A major experiment introducing proactive policing to Underground platforms finds that short bursts of patrolling create a “phantom effect”: 97% of the resulting crime reduction was during periods when police weren’t actually present.
Police platform patrols create ‘phantom effect’ that cuts crime in Tube stations
A massive experiment that deployed regular police patrols on platforms in the London Underground has shown that four 15-minute patrols a day in some of the capital’s most crime-ridden stations reduced reported crime and disorder by 21%.
Researchers from Cambridge University’s Institute of Criminology worked with the British Transport Police (BTP) to conduct the experiment across six months in 2011-2012. The findings have been published in the journal Criminology.
The team identified the 115 London stations where reported crime was highest. They randomly allocated 57 of these stations with four daily “doses” of platform patrols – two officers on foot for quarter of an hour – four days a week, and compared the effects to the remaining “untreated” stations.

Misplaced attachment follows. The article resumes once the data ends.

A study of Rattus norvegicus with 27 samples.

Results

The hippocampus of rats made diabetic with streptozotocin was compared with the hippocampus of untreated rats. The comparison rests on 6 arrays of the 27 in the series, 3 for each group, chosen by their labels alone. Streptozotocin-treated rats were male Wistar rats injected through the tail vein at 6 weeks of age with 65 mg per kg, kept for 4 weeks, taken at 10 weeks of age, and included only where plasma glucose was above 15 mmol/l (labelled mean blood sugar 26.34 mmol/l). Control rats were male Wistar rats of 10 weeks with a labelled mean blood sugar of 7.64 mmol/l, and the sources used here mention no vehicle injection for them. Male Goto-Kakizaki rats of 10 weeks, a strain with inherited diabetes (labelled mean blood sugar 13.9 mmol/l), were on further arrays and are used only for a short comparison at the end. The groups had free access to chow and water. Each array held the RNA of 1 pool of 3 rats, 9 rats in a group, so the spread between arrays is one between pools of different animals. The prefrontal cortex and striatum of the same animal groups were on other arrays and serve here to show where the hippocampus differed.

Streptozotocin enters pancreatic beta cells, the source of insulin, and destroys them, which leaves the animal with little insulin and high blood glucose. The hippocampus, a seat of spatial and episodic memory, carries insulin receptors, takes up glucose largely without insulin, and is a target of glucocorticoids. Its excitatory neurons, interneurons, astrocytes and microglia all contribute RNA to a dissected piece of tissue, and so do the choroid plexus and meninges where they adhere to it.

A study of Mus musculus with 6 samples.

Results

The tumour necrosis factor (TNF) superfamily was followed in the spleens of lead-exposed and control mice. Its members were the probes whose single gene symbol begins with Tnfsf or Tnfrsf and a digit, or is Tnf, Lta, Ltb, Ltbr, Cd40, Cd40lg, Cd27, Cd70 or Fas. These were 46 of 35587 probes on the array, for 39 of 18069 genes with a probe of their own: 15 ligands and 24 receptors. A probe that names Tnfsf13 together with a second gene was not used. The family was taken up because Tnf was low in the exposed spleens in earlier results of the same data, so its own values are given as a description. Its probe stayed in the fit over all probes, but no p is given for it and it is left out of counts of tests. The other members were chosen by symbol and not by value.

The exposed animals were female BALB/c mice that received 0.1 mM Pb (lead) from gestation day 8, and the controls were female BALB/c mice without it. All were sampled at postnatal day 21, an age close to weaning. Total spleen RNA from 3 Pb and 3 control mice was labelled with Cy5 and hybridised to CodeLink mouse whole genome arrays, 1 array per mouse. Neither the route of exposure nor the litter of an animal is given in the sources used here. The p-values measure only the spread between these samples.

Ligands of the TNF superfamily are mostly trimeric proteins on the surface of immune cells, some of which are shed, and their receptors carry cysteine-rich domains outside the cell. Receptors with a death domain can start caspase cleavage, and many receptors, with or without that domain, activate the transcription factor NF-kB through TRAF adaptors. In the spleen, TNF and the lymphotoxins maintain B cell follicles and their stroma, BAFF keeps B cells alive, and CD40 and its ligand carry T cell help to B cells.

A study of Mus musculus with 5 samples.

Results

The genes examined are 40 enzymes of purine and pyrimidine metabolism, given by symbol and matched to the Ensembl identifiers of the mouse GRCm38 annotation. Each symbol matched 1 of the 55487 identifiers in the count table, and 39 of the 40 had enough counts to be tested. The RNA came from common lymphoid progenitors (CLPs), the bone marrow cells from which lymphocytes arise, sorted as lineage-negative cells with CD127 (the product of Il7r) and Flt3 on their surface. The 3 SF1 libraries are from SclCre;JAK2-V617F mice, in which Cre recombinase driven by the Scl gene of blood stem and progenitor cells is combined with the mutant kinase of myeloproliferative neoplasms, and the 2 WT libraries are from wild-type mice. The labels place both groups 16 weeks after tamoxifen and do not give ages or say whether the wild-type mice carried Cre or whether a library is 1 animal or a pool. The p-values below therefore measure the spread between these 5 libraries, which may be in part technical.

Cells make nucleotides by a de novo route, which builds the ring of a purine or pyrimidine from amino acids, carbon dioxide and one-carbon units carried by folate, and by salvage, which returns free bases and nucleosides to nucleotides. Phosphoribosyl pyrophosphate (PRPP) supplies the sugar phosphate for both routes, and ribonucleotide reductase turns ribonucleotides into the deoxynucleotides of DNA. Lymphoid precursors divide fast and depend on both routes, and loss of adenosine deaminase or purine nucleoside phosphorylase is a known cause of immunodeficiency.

The researchers found that, while the experiment was running, a total of 3,549 calls to police from the platform came from stations without patrols, compared to 2,817 in the stations receiving a policing “dosage” – a relative difference of 21%.
The team also looked at crime data from the six months prior to the experiment, and found that recorded crime fell 14% overall during the experimental period in those stations treated with the new patrols.
Strikingly, they discovered that the vast majority of reduction in both crime and calls for assistance occurred when these police patrols were absent – some 97% of the measured effect. The criminologists have dubbed this the “London Underground paradox”.
Image: London Tube station
Credit: Marco Chilese
Reproduced courtesy of the University of Cambridge
The University of Cambridge is acknowledged as one of the world's leading higher education and research institutions. The University was instrumental in the formation of the Cambridge Network and its Vice- Chancellor, Professor Stephen Toope, is also the President of the Cambridge Network.